Local residents and conservationists in Kenya were overcome with joy when two rare white giraffes were spotted in Garissa county.
The unique breed, who are mother and child, were spotted at the Ishaqbini Hirola Conservancy.
The white giraffes suffer from a condition called ‘leucism’ which happens to be genetic and disrupts pigmentation in skin cells.
Ishaqbini Hirola Conservancy is managed by the Hirola Conservation Programme (HCP), a non-profit organisation committed to the preservation of the Hirola antelope, which happens to be a rare and endangered species.
Check out the incredible footage below:
According to The Guardian:
Unlike albinism, animals with leucism continue to produce dark pigment in their soft tissue, which explains the white giraffes’ dark eyes and other colouring.
The HCP were alerted to their presence early in June 2017 when rangers were informed by local villagers that they had spotted the white baby giraffe nearby.
In the HCP blog post they wrote:
They were so close and extremely calm and seemed not disturbed by our presence.
The mother kept pacing back and forth a few yards in front of us while signalling the baby giraffe to hide behind the bushes – a characteristic of most wildlife mothers in the wild to prevent the predation of their young.
The post went onto describe the rare giraffes’ features saying:
I could not but help see the fading reticulates on their skin! It was evident that the coloration especially on the mother giraffe was not as conspicuous as the baby.
According to the Hirola Conservation this footage is the third known sighting of the white giraffe but the first time they’ve ever been caught on camera.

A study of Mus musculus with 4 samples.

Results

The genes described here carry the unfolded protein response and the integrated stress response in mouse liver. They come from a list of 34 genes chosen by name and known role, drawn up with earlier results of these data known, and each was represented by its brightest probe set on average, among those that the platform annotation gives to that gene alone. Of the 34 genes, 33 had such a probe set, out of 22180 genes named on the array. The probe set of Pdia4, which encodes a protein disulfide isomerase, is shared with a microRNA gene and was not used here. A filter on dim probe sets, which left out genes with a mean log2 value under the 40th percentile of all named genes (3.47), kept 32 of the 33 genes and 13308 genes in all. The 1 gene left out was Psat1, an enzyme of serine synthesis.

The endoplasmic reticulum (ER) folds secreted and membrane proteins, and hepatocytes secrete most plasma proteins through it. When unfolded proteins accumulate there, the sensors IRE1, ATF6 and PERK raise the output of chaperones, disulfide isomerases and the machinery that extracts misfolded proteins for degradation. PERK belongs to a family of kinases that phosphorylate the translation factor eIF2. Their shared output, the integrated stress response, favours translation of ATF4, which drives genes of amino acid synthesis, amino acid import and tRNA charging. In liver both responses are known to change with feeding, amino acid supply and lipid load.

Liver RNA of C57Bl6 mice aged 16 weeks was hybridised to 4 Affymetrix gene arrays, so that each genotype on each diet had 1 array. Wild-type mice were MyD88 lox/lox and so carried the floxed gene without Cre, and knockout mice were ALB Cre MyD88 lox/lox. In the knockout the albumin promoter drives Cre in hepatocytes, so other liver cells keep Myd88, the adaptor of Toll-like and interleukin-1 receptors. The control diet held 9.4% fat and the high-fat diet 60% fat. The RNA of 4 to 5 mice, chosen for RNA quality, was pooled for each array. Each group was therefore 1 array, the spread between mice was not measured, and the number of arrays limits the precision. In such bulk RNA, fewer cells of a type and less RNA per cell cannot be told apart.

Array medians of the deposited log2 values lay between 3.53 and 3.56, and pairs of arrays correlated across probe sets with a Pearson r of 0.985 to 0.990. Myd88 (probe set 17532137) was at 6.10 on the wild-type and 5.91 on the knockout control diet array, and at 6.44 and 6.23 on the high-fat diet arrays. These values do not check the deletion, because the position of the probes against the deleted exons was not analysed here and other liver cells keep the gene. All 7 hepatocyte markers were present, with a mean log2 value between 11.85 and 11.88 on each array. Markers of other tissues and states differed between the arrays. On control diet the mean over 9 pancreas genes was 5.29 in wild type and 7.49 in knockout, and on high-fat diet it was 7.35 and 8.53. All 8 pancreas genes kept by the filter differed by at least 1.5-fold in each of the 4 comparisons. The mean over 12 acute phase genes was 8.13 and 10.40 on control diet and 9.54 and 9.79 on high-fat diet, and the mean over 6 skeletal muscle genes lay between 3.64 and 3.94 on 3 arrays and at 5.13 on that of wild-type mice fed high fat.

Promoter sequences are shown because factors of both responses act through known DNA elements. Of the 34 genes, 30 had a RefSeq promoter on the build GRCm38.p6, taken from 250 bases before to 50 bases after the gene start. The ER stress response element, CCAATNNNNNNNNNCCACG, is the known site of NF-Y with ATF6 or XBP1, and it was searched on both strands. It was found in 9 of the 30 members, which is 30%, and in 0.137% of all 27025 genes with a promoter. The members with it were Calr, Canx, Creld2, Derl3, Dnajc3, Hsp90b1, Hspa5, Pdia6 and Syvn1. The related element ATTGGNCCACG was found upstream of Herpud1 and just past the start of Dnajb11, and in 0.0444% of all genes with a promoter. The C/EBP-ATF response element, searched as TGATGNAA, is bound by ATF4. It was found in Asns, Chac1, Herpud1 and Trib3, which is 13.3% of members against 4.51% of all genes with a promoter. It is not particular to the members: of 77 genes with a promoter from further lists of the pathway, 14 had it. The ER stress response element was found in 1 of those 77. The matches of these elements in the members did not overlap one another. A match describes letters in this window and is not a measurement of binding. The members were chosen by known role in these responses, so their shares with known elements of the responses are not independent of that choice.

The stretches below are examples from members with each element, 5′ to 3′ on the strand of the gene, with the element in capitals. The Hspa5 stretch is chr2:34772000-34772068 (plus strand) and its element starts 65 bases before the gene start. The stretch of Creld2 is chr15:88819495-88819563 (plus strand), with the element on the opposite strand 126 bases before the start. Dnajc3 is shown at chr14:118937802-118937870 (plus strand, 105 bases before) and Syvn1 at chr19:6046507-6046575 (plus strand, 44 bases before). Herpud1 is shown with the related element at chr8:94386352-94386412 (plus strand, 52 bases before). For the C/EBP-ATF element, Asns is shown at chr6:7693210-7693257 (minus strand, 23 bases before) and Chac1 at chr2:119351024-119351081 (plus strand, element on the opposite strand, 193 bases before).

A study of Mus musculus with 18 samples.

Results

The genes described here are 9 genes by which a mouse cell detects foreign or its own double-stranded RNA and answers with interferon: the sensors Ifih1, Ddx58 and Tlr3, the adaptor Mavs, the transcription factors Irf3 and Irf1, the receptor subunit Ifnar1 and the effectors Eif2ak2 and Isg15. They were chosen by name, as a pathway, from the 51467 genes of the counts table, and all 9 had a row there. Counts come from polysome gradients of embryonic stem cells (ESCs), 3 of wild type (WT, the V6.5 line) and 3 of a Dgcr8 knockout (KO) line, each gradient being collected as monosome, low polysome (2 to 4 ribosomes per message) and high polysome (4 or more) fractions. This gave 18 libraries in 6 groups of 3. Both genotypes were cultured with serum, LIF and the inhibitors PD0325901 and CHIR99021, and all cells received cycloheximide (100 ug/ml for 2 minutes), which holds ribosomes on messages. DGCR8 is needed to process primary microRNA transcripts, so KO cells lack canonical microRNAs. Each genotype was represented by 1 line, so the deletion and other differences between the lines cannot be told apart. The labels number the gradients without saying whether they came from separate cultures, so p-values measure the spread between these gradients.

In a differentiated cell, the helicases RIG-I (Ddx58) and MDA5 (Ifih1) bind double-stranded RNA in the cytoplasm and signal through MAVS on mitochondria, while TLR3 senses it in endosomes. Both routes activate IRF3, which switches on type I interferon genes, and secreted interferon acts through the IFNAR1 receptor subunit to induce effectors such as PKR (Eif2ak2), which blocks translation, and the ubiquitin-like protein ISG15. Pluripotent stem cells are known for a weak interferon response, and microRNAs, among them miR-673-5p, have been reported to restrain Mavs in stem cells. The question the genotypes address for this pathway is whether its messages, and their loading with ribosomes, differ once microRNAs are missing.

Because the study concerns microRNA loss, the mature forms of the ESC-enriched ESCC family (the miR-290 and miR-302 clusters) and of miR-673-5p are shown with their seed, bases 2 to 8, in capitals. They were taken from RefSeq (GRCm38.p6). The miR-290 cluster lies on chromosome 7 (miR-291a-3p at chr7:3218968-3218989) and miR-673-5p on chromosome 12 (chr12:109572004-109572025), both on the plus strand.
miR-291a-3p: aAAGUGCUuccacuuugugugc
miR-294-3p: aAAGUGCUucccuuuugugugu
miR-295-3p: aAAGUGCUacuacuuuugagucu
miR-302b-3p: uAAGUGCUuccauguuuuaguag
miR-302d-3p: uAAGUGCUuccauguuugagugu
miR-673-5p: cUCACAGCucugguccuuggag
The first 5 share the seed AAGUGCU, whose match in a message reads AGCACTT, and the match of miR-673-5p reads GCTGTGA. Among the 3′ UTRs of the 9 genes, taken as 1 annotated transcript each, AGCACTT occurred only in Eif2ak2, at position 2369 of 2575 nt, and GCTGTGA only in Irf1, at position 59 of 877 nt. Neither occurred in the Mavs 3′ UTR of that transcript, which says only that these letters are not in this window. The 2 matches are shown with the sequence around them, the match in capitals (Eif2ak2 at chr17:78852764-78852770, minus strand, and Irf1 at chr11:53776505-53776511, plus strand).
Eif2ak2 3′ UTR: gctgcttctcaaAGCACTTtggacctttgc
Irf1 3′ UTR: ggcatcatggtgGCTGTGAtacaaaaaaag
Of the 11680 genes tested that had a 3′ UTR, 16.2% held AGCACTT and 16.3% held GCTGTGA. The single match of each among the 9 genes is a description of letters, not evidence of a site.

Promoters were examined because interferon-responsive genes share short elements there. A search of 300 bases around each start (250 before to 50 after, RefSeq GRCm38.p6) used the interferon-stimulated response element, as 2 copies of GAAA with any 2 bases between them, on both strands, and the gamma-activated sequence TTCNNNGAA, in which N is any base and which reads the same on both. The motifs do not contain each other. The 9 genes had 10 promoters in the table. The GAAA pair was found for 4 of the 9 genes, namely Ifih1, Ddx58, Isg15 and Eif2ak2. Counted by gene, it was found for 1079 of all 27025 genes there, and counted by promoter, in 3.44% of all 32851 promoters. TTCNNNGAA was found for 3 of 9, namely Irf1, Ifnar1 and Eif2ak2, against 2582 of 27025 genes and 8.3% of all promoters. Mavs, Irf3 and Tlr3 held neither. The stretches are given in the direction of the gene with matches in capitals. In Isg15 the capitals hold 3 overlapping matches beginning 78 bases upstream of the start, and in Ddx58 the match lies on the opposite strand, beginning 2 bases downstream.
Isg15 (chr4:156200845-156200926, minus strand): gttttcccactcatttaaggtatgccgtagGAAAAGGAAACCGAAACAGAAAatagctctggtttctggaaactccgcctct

They have been listed as ‘vulnerable’ by the International Union for Conservation of Nature and there is estimated to be only 8,500 of their kind in the wild.
If you like peculiar animal related stories then just feast your eyes on this absolute gem.
This is the moment a golden retriever mix gave birth to four pups. But those pups weren’t just any old doggos (or young doggos for that matter). No. They looked exactly like cows.
Katie and John Black have been fostering over 20 dogs just short of a decade, and were fully prepared to take on the responsibility of helping Rosie take care of her imminent family. What they weren’t so prepared for was cow babies.
Katie, the doggos foster mum, posted a picture of the new mother and her weans and said:
Not quite what we were expecting. Our foster dog and Golden mix gave birth yesterday. To baby ‘cows’.
In the picture, Rosie looks really confused. A bit vacant, if not a touch thick. But hey, who am I to have a go at a new mother? Rosie, if you’re reading this, it’s all good.
The four black and white spotted puppies are named Daisy, Betsy, Clarabelle, and Moo. Typical cows.
As well as working for UNILAD and LADbible, Joseph has worked as Liverpool Correspondent for Unsigned & Independent Magazine, as well as stints with the Liverpool Echo and Warrington Guardian.